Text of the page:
Pakistan’s highest court resumes hearing on PM Khan’s request to stay

ISLAMABAD, April 5 (Reuters) – Pakistan’s top court resumed deliberations on Tuesday on the legality of Prime Minister Imran Khan’s bid to block an opposition bid to oust him, a dispute that has sparked political unrest in this nuclear-armed country.

Former cricket star Khan lost his parliamentary majority last week and faced a vote of no confidence from a united opposition which he was expected to lose on Sunday.

But the Deputy Speaker of Parliament, a member of Khan’s party, rejected the motion, ruling it was part of a foreign conspiracy and unconstitutional. Khan then dissolved parliament.


The opposition challenged Khan’s decision in a Supreme Court legal case that began on Monday.

The court reconvened around noon (0700 GMT) on Tuesday, with politicians from Khan’s party and the opposition among those in a packed courtroom. The five-judge panel hearing arguments did not say when it might issue a decision.

The court could order parliament to be reconstituted, call new elections or bar Khan from standing again if he is found to have acted unconstitutionally.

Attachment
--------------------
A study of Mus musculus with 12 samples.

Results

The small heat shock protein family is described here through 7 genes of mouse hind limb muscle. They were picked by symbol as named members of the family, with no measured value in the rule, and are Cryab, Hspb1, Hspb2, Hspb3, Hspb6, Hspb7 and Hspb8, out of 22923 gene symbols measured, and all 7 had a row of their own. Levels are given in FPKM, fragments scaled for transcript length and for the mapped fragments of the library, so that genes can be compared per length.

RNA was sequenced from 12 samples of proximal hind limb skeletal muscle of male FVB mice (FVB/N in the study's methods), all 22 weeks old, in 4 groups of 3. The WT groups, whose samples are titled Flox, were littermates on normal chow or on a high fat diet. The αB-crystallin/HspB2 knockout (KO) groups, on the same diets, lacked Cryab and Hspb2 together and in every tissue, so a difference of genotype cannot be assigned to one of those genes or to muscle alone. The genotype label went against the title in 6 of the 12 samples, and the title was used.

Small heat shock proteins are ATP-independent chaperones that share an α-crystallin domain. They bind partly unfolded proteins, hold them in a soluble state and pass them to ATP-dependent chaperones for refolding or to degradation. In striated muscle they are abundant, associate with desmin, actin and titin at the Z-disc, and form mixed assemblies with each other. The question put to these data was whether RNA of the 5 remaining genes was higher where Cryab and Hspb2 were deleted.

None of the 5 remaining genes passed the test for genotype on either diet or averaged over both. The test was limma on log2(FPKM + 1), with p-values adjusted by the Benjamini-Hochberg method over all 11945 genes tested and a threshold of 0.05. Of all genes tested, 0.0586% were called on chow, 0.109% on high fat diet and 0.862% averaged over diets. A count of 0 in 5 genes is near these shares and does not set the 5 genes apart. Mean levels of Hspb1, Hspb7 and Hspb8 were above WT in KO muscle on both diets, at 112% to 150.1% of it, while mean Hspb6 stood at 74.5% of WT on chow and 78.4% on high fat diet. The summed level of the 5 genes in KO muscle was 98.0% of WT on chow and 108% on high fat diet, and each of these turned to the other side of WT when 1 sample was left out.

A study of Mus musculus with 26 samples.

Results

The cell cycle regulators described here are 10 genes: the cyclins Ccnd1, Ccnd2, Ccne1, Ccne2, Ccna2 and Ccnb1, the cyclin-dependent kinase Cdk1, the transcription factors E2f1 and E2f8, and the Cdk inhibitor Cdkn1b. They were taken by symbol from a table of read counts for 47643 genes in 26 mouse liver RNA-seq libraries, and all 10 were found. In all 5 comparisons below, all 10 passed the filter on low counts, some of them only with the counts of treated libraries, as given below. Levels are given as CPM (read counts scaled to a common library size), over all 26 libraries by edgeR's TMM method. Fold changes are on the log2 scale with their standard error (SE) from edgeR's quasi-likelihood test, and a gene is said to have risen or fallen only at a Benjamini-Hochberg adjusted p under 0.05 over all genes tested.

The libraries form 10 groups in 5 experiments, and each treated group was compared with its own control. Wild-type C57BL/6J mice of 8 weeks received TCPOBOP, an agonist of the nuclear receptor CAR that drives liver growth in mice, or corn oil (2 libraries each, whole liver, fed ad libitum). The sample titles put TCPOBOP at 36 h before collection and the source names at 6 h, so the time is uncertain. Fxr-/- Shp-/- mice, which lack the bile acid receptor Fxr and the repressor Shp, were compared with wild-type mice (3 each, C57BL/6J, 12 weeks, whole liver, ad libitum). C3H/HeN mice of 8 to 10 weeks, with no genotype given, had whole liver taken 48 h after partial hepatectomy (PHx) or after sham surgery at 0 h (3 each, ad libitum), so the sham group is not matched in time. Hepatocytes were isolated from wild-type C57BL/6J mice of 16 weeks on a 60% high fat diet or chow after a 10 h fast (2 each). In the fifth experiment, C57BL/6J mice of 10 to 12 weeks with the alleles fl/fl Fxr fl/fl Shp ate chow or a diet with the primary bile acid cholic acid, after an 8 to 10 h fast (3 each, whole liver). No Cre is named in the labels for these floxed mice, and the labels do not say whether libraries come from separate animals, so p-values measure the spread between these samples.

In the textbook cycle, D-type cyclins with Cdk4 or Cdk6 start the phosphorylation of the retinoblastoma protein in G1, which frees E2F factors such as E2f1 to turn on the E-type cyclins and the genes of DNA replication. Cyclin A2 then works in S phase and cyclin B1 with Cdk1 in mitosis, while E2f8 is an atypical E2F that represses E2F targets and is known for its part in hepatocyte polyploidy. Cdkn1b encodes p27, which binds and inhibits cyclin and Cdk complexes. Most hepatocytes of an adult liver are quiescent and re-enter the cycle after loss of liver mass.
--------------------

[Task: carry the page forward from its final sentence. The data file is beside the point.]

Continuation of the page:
The court could also decide that it cannot intervene in parliamentary business.

Protracted legal proceedings would create a power vacuum with political and economic implications for issues such as talks with the International Monetary Fund to secure funds to support the cash-strapped economy.

Political chaos is also said to worry the mighty military, which has intervened to overthrow civilian governments and rule three times, citing the need to end political uncertainty.

Shehbaz Sharif, the opposition candidate to replace Khan as prime minister, told media outside the court that he had urged military and intelligence chiefs to look into Khan’s accusations that the opposition parties were part of a foreign conspiracy.

Political analysts say the military viewed Khan and his conservative agenda favorably when he won the general election in 2018, but general support has since declined.

Khan has denied ever having the backing of the army and the army says it has no involvement in the political process.


Our standards: The Thomson Reuters Trust Principles.